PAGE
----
NACD Blog: Growers Lead the Way: Soil Health in Glenn County, California
Sitting at the Glenn County Farm Bureau annual dinner last year as a new hire at the Glenn County Resource Conservation District (RCD), I started estimating decades of experience, per farmer in the room, and multiplying it by the numbers of people in chairs. Then I began layering in the growing experience of their parents, grandparents, great-grandparents and beyond. In Glenn County, it is common for a farm to be in the fourth, fifth or sixth generation of family ownership. What I saw: arguably over ten thousand years’ accrued farming knowledge in one room.
The Washington Post: Lawmakers reach tentative farm bill deal after months-long impasse
Key lawmakers said Wednesday they have reached a tentative deal on a massive farm bill, breaking a months-long impasse over legislation that doles out more than $400 billion in federal funds for farm subsidies, food stamps and conservation efforts. The senators declined to offer details of the emerging compromise, cautioning that it was not final and could change pending completion of cost analyses and legislative language. Nonetheless, both expressed optimism the legislation could pass before the conclusion of Congress’s lame-duck session next month.
ABC News: Californians prepare for possible mudslides as rain hits wildfire-affected regions
Over the last eight days, up to 10 inches of rain fell in Central and Northern California, so the ground is very saturated. The recent wildfires left nothing to hold the ground in place so the threat for mudslides is high where the Woolsey and Camp fires burned tens of thousands of acres.
Flathead Beacon: It’s Time to Reinvest in Our Public Lands
(Opinion) It is time that we start talking about how to reinvest in our public lands. If we don’t, we risk losing them. Today, we spend less locally and at the state level to maintain our public lands infrastructure than we did 40 years ago. We’re also failing to address the need to expand our public land access at a time we see more visitors to our special wild and public lands than ever.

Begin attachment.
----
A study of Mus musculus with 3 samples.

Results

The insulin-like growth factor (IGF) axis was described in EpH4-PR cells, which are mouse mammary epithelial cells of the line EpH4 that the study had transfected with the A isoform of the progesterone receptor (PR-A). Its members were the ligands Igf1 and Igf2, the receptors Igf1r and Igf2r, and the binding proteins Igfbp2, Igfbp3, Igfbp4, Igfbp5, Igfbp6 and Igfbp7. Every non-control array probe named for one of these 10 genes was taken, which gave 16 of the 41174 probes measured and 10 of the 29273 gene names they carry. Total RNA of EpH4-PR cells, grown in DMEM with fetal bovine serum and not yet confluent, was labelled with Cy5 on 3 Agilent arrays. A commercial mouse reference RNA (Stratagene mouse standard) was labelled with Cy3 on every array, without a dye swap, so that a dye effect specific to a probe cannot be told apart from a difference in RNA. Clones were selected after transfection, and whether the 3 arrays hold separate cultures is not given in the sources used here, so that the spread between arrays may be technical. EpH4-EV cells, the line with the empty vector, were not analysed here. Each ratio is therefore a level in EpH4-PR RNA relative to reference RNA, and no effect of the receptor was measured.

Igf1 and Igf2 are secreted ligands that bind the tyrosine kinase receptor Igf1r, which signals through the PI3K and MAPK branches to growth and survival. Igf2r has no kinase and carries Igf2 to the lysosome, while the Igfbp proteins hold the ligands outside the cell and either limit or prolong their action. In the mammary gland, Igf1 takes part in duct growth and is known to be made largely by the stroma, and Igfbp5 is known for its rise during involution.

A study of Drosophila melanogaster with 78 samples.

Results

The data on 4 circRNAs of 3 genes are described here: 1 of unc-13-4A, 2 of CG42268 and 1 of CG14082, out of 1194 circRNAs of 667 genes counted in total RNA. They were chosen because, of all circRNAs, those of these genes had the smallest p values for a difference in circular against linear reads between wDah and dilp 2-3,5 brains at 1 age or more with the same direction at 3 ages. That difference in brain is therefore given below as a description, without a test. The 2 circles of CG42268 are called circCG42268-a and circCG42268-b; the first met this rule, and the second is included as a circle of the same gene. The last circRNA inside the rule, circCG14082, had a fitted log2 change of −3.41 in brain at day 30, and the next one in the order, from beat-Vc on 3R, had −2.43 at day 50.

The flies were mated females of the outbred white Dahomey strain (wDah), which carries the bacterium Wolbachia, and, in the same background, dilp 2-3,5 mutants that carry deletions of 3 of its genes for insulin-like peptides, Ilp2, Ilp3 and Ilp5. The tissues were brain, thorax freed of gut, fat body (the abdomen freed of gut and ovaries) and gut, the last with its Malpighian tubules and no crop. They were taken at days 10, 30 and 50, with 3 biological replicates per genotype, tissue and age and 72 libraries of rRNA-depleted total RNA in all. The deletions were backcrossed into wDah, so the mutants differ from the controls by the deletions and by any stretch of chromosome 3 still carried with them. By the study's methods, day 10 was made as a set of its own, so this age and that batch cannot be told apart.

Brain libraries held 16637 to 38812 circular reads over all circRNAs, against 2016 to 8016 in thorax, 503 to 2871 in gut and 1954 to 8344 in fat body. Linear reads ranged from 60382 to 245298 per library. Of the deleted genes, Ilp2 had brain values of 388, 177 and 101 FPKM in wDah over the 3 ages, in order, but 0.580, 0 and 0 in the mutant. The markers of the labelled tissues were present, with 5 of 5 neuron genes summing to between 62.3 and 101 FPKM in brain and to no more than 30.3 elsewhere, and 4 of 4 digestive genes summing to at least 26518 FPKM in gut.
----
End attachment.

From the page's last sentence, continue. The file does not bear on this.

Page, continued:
Ag Web: Online Tool Determines Cover Crop ROI
Farmers will be able to easily calculate return on investment for cover crops with a new online tool. It will help farmers decide whether or not cover crops work for their operation. Iowa State University’s Sustainable Agriculture Research and Education Program (SARE) recently constructed a tool that helps farmers who don’t use cover crop evaluate the economics of cover crops.
Indian Country Today: Supreme Court limits ability to designate endangered species habitat
The Supreme Court made it harder Tuesday for the government to designate critical habitat for endangered species, in a ruling that business and property rights groups said corrects bureaucratic overreach.
Capital Press: UI water-quality team among four finalists in world competition
A University of Idaho team is among four worldwide to advance to the final stage of a $10 million worldwide innovation competition focused on improving water quality. UI’s Clean Water Machine, a reactive filtration system, uses biochar, iron oxide and ozone to strip phosphorous from polluted waters, reducing it to extremely low levels.
WVXU: Hamilton County Has A Greener Way Of Growing Crops
A farming experiment in Crosby and Harrison townships has proven successful in improving soil quality and reducing the use of herbicides. Executive Director of the Hamilton County Soil and Water Conservation District Holly Utrata-Halcomb says results of the study are "quite positive." 94 percent of the fields saw an increase in soil health (and) even during the drought there was significant growth due to water retention in the soil.
California Water News Daily: USDA Announces $449 Million Investment in California Reservoir Project and Water Supply
The project – the Maxwell Water Intertie (MWI) – would include the construction of 3.5 miles of 12-foot diameter pipeline, along with a new pump station, that will be used to pump water from the existing Glenn Colusa Irrigation District (GCID) system to the existing Tehama-Colusa Canal Authority’s (TCCA) Funks Reservoir. These facilities would increase water management flexibility and improve water supply resiliency for participants during dry years and directly increase the efficiency and reliability of water management in the western Sacramento Valley.
The New York Times Magazine: The Insect Apocalypse is Here
In the United States, scientists recently found the population of monarch butterflies fell by 90 percent in the last 20 years, a loss of 900 million individuals; the rusty-patched bumblebee, which once lived in 28 states, dropped by 87 percent over the same period.
Record Eagle: 'Healing' a River
That’s just the start of years of restoration work. Grand Traverse Conservation District employees and volunteers planted 7,500 native trees and shrubs upstream from the former Boardman Dam site over three weeks in the fall. They’ll do three more rounds of planting through spring 2020. Largent said the conservation district and its green-thumbed helpers planted more than 20,000 trees and shrubs by the Brown Bridge Dam site — the conservation district manages lands by all three dam sites.